Entry from the diary of Yitskhok Rudashevski from December 10, 1942, his fifteenth birthday, in which he reflects upon his time spent in the Vilna ghetto and his hopes for the future.
Wednesday the 10th of December 
It dawned on me that today is my birthday. Today I became fifteen years old. You hardly realize how time flies. It, the time, runs ahead unnoticed and presently we realize, as I did today, for example, and discover that days and months go by, that the ghetto is not a painful, squirming moment of a dream that constantly disappears, but is a large swamp in which we lose our days and weeks. Today I became deeply absorbed in the thought. I decided not to trifle my time away in the ghetto on nothing and I feel somehow happy that I can study, read, develop myself, and see that time does not stand still as long as I progress normally with it. In my daily ghetto life it seems to me that I live normally but often I have deep qualms. Surely I could have lived better. Must I day in and day out see the walled-up ghetto gate, must I in my best years see only the one little street, the few stuffy courtyards?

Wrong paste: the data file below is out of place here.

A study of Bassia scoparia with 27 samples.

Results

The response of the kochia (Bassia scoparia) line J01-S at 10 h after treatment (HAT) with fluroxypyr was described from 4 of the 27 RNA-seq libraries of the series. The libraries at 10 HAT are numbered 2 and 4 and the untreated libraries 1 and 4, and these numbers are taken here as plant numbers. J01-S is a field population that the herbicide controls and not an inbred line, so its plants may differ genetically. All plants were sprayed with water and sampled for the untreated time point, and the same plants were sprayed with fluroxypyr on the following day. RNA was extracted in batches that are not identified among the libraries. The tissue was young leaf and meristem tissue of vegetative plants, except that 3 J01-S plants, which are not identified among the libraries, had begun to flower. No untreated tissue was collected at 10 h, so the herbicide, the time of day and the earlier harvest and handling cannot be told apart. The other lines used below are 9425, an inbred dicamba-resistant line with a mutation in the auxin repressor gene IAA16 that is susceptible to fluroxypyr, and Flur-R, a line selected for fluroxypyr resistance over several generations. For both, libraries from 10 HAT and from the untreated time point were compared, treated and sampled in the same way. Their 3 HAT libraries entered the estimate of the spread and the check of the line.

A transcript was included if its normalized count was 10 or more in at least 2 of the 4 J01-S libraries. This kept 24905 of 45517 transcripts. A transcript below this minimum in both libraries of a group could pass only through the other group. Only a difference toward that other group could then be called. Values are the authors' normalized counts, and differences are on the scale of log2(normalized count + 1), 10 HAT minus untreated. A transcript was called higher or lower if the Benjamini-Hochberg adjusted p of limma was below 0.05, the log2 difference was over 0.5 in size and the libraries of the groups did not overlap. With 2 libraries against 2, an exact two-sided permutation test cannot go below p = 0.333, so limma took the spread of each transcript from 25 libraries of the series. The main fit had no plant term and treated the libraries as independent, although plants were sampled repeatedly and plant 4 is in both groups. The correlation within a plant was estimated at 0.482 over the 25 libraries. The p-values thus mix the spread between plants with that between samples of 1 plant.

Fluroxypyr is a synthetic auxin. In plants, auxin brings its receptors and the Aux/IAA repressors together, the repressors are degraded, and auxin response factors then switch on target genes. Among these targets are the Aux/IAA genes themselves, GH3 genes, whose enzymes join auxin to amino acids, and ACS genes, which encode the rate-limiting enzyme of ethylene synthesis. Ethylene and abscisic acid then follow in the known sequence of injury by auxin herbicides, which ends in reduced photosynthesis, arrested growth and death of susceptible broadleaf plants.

Still other thoughts buzzed around in my head but I felt two things most strongly: a regret, a sort of gnawing. I wish to shout to time to linger, not to run. I wish to recapture my past year and keep it for later, for the new life. My second feeling today is that of strength and hope. I do not feel the slightest despair. Today I became fifteen years of age and I live confident in the future. I am not conflicted about it, and see before me sun and sun and sun. . . .1
- 1 : Alexandra Zapruder, ed., Salvaged Pages: Young Writers' Diaries of the Holocaust, 2nd edition (New Haven: Yale University Press, 2015) 216-217.